When Studebaker ended production in South Bend, the Avanti continued as a handbuilt car in a portion of one of the old Studebaker buildings. At that time, Studebaker trucks (which consisted of the Champ, Transtar, diesel trucks, and the little Zip Van for the Post Office) seemed to have had a small chance of continuing somehow, as Avanti bought the rights to the trucks, too. It never came to be. Perhaps the trucks were too old.
In 1963, at least one Transtar was built in a crew cab configuration. This custom artist’s design is a suggestion of what the Transtar might have looked like had it lasted another year or so. Up front, the white grille design is changed with a chrome outer surround, black inner cavity, and chrome center. The small hood grille above has the Studebaker emblem flanked by chrome strips. Above that lies a hoodscoop inspired by the Golden Hawk.
The chrome around the windshield is similar to the Hawk and Avanti. The side windows are framed in black, and the five chrome vertical bands at the back are lifted from a Golden Hawk. The hood lettering is spun off the Studebaker script, the fender lights are from the Golden Hawk, and the front bumper is black. At the bottom of the door, the narrow, triangular shape (which all Transtars and older trucks had since the first models were introduced in 1949) is chrome with Avanti tri-color bands.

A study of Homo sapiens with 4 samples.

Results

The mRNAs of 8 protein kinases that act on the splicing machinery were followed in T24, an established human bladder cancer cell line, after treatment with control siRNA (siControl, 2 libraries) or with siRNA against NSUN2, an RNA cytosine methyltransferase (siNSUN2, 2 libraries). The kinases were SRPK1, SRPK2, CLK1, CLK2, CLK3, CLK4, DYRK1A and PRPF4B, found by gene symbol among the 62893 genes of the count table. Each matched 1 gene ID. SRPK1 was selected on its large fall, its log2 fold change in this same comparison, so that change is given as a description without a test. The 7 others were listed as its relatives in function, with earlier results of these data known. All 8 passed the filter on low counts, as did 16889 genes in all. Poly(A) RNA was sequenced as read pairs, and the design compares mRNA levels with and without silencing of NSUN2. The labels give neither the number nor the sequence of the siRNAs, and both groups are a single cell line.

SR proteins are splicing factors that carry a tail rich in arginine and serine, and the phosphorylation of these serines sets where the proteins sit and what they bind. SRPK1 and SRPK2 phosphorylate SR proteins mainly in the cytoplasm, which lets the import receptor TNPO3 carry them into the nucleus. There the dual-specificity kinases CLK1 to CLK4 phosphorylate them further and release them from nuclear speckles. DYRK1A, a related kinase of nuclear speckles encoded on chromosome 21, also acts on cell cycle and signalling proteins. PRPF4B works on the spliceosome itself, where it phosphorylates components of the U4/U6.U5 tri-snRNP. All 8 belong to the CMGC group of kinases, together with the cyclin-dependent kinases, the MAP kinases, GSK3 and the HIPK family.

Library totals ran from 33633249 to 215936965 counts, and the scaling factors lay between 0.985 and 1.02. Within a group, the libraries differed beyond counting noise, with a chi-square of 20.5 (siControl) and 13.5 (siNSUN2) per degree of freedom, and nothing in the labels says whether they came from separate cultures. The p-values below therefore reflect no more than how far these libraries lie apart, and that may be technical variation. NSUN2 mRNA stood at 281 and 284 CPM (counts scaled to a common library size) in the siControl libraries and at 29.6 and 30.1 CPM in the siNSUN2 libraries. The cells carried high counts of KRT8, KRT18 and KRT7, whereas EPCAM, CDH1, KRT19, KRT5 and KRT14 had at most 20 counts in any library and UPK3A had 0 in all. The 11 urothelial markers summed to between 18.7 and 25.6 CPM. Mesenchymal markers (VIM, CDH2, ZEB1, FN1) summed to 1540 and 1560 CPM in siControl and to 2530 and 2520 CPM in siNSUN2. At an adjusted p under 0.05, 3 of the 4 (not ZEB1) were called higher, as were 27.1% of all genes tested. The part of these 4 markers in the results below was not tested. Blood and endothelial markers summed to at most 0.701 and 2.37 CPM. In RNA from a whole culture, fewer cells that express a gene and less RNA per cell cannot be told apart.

Ted Alexander was one of those kids who always drew cars. Today, as a freelance designer/illustrator, his car, truck, and bus illustrations and designs are created for companies, magazines, and racing events. His automotive work is shared with a successful advertising career that includes designing brochures and logos and illustrating products for Chicago-area companies. His brochures have won national design awards, and his logo designs have been featured in American and international design annuals.